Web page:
Mayor proclaims Saturday as Juneteenth in Cairo
On Monday night, at the request of Councilman Demario Byrden, the council unanimously authorized Mayor Howard Thrower III, to execute a proclamation declaring June 19, 2021 as Juneteenth in Cairo.
The celebration dates back to June 19, 1865 when Union soldiers arrived in Galveston, Texas with news that the Civil War had ended and that enslaved people were now free.
According to the proclamation, in 2011 Georgia became the thirty-seventh state to recognize Juneteenth at the state capital.
A community-wide celebration is being planned for this Saturday. See Page A7 for details.
In other business Monday night, the council:
• Approved a special event permit for a block party and road closure of a portion Second Avenue S.W. on Sunday, July 4 from noon until 9 p.m. The Cason Fun Day reunion is planned and will be held at 1220 Second Avenue S.W. Applicant is Derrick Cason.
• Denied a request for the rezoning of property on Second Street S.W. from R-1A to R-1 to permit placement of a mobile home on the property. The request was made by M. Jeanette Johnson and Charlita James. The council heard from Natasha Gee and Billy Myles who spoke in favor of the rezoning request, but ultimately the council took the recommendation of the Southwest Georgia Regional Commission and Cairo Planning Commission, both of which recommended denial.
• Approved the annexation of property located on Upper Hawthorne Trail and set the initial zoning as R-1A at the request of Chuck Thomas, who is representing Blair Enterprises LLC. Thomas said he was requesting the annexation of four building lots at this time where he intends to build single family housing to meet a demand in housing in the $200,000 price range. Councilman James H. (Jimmy) Douglas questioned how difficult and costly it would be to run city sewer to the lots. Thomas said that city water would be available by the end of the year, but he did not have any idea when sewer would be extended to that area. However, Thomas pledged to include in deed restrictions that once city sewer is available homeowners would be required to hook up to city sewer. “I’m more than willing to do that,” Thomas said.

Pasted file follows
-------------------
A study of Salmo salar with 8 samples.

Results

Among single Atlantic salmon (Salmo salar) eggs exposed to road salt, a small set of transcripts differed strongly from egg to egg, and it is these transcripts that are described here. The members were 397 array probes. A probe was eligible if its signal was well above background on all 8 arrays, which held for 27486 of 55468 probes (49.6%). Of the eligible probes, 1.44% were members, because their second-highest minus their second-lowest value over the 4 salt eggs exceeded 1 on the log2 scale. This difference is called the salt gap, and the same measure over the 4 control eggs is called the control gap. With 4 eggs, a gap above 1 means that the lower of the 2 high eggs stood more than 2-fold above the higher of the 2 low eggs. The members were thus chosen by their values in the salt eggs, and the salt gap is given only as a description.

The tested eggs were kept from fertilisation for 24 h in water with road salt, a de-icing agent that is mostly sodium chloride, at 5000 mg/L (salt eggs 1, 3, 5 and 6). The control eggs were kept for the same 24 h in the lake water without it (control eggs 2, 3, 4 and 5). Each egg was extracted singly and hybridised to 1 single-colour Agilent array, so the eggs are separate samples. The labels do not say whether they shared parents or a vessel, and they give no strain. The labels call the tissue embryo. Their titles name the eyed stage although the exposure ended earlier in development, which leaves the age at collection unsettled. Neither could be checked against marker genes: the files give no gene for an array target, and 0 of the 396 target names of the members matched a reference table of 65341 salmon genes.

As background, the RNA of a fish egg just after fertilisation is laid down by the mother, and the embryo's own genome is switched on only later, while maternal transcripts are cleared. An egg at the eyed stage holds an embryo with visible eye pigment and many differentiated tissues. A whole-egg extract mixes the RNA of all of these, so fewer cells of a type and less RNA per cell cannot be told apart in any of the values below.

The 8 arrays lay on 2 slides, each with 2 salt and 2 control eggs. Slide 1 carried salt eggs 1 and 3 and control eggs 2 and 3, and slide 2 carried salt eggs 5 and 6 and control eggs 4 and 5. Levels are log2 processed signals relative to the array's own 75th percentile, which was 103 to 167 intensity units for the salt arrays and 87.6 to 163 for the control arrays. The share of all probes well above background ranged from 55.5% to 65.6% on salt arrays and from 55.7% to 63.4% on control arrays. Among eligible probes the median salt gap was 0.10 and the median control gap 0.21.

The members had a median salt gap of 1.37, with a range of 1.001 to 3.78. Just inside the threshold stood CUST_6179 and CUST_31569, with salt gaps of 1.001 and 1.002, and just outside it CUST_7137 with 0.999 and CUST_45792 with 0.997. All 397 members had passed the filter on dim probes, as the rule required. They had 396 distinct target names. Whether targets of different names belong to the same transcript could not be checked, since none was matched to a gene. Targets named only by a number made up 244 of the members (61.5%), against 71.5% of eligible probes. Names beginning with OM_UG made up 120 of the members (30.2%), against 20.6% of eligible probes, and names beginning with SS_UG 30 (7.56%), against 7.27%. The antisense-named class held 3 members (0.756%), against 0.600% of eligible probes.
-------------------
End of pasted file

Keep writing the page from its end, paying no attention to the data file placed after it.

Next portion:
• Heard a request from Barbara McDuffie for the council to include groups such as Organizing for Grady County and other non-profit organizations, civil rights groups and faith-based organizations in complying with an executive order of the President to address the needs of underserved parts of the community.
• Approved the 2021-2022 operating budget of $49,177,543 on a unanimous vote. Councilman Jerry Cox was absent Monday night.
• Heard a request from Councilman Lannis Thornton for the police chief to study and make a recommendation about establishing a four-way stop at the intersection of Fourth Street S.W. and First Avenue S.W. Councilman Thornton said he has received numerous complaints about not being able to see if there is oncoming traffic unless motorists pull out into the intersection to see if traffic is coming from the east.
• Heard a report from the city manager, Chris Addleton, who said he has ordered an appraisal of the city’s building that currently houses the Georgia Department of Labor on Fifth Street S.E. The Department of Labor is vacating the space at the end of June and the city will be putting the property up for sale.